Brian Wilson Redeems His Soul in ‘Love & Mercy’

Rating: 5.0/5.0

CHICAGO – Brian Wilson has been called one of the greatest songwriters in popular music history. His tonality and approach towards his best compositions have been studied like Mozart. In “Love & Mercy,” we see that the thing that made Wilson great also had the power to destroy him.

From the beginnings in 1961 of The Beach Boys, the group that Brian Wilson composed for, to about the mid 1960s, Wilson’s output was incredible, with an ear towards creating songs that layered voices and instruments in a way that still defies logic. But his talent and subsequent popularity came with a price – the instability of Wilson’s sensitive nature made drug use, depression and isolation a by-product of his success. In “Love & Mercy” – the title taken from a 1988 Brian Wilson song – screenwriters Oren Moverman and Michael Alan Lerner, and director Bill Pohlad, pay homage to the artist that is Brian Wilson, by telling his truth in this operatic film. Actors Paul Dano (younger Brian) and John Cusack (middle age Brian) portray the songwriter in two crucial eras of his life, and provide a glimpse into how we’re all victims of our own circumstances.

The Beach Boys hit the American scene with perfect timing. Their peer audience, one of the largest birth generations in the country’s history, were just coming of age, and the power of their consumerism was focused on the evolution of rock and roll. Brian Wilson and his bandmates – brothers Carl Wilson, Dennis Wilson, cousin Mike Love, and friend Al Jardine – came out of Hawthorne, California, with a surf sound that sold millions of records.

John Cusack
John Cusack as Brian Wilson in ‘Love & Mercy’
Photo credit: Roadside Attractions

But that pop music sound wasn’t satisfying Brian Wilson (Paul Dano). He sought a new light, and in 1965 began work on “Pet Sounds” – his album masterpiece – while the rest of the band toured. This story coincides with an older Brian Wilson (John Cusack) in the 1980s, under the care of therapist Eugene Landy (Paul Giamatti), drugged and lost under a umbrella of psychosis. It takes a car dealer named Melinda (Elizabeth Banks) to begin the process of redeeming Wilson’s soul.

How often can a life be explored in two distinct and important stages? Brian the Artist is encapsulated by Paul Dano, but there are shadings in the story that are leading towards Brian the Lost Being, magnificently brought to light by one of John Cusack’s best performances. Both men honor Brian in their own way, by understanding his unavoidable downside, but it’s also a story as old as show business itself, how the soul of the artist gets no care if other people are depending on his output for their livelihood.

Another way that both Dano and Cusack honored their subject – who by the way cooperated fully with the production – was in how they studied the nuances of what makes him tick. This is a necessary element in portraying a real person, trying to get to the purpose behind the facade that a person puts on to society. There is a thesis within this film that Brian tried his best, gave his talent in the best way he knew how, but the forces outside that talent demanded more, ultimately, then he could give. In his subsequent breakdown, there was a need to be taken care in the way that Eugene Landy accomplished, but in the end it was the wrong approach, and again more than Wilson could endure.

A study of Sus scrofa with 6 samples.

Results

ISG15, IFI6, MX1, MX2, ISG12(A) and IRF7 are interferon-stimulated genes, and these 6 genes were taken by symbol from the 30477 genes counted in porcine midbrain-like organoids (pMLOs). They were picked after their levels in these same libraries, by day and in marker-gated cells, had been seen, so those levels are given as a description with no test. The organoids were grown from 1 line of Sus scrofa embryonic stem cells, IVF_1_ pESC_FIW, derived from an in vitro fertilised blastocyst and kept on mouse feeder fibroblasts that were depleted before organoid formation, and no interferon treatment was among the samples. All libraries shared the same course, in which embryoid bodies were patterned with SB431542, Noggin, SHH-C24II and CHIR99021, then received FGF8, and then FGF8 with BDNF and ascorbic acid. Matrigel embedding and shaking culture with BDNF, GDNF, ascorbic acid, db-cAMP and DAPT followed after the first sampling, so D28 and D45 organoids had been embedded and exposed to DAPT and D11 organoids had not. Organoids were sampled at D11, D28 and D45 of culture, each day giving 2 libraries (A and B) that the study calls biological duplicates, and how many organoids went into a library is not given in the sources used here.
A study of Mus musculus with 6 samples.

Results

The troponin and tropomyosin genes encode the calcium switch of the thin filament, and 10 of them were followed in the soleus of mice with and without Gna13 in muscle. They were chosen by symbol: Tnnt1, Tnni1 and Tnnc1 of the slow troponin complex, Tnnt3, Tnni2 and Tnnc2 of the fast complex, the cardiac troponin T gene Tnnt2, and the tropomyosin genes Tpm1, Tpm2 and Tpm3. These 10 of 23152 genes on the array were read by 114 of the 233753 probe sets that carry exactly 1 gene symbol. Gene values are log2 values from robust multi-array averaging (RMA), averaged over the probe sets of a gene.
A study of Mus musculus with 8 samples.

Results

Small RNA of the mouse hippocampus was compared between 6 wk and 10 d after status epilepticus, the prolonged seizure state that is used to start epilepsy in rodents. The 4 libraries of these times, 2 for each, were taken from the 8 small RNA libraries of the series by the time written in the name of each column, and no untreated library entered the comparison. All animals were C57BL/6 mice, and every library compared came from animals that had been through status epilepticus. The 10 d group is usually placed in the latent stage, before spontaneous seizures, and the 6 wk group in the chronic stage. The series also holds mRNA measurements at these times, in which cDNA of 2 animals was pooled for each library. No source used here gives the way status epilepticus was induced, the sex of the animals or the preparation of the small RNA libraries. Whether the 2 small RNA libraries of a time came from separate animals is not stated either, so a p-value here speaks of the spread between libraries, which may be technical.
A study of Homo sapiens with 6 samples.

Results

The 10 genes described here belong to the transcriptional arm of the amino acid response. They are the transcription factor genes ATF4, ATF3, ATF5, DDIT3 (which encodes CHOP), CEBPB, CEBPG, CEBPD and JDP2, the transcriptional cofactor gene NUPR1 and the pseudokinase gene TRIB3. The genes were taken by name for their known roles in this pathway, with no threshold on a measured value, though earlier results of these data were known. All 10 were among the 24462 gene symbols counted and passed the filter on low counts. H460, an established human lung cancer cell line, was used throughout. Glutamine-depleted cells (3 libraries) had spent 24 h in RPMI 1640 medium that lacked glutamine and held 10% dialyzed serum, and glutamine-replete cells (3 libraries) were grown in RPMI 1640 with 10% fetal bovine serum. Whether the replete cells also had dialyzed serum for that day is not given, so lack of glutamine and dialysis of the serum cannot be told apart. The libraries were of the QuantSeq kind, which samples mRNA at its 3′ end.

The supporting cast is critical in delivering the subtleties of how Brian was trapped, and Bill Camp as his authoritarian father Murry, Elizabeth Banks as his avenging angel Melinda (Wilson’s eventual wife) and Paul Giamatti as the Svengali-like Landy all honor the subject and story with their precise contributions. Camp and Dano have a life-encapsulating scene as father and son, as nothing Brian could do would satisfy Murry, and that pain stretches all the way to Cusack’s interpretation of Brian’s eventual redemption.

Paul Dano
Paul Dano as Brian Wilson in ‘Love & Mercy’
Photo credit: Roadside Attractions

As much as the film is a glimpse into the difficulties that Brian Wilson faced – and it is unblinkingly honest about them – it is also a celebration of the passionate blossoming of song style in this consciousness. The “Pet Sounds” recording sessions are an exposition of wonder, and it works emotionally if you’re a fan of the album, like being present at the birth. It’s probably impossible to understand how expansively Wilson created his American soundtrack, unless you grew up in the era, but the film’s glimpse into that time is fun (recreating The Beach Boys beginnings) and telling regarding Wilson’s overall journey.

No one can determine, or sometimes reach, the inner turmoil swirling within a lifetime. What some people find inconsequential or amazing (fame), another, like Brian Wilson, might find impossible. The lesson of “Love & Mercy” is that every action that occurs, comes with an equal – and sometimes opposite – reaction. How do we find our redemption? God only knows.

”Love & Mercy” continues it’s release in Chicago on June 5th. See local listings for theaters and show times. Featuring John Cusack, Paul Dano, Elizabeth Banks, Paul Giamatti and Bill Camp. Written by Oren Moverman and Michael Alan Lerner, based on the life of Brian Wilson. Drected by Bill Pohlad. Rated “PG-13”

StarClick here for the interview with Brian Wilson for “Love & Mercy”

StarClick here for the interview with John Cusack for “Love & Mercy” senior staff writer Patrick McDonald

Writer, Editorial Coordinator

© 2015 Patrick McDonald,

Curt Hennig's picture

Love & Mercy

Thanks for a great review of a very good movie about a man who is an American treasure, Brian Wilson. Hopefully the film will take off through word of mouth. You don’t have to be a Beach Boys fan to appreciate this film.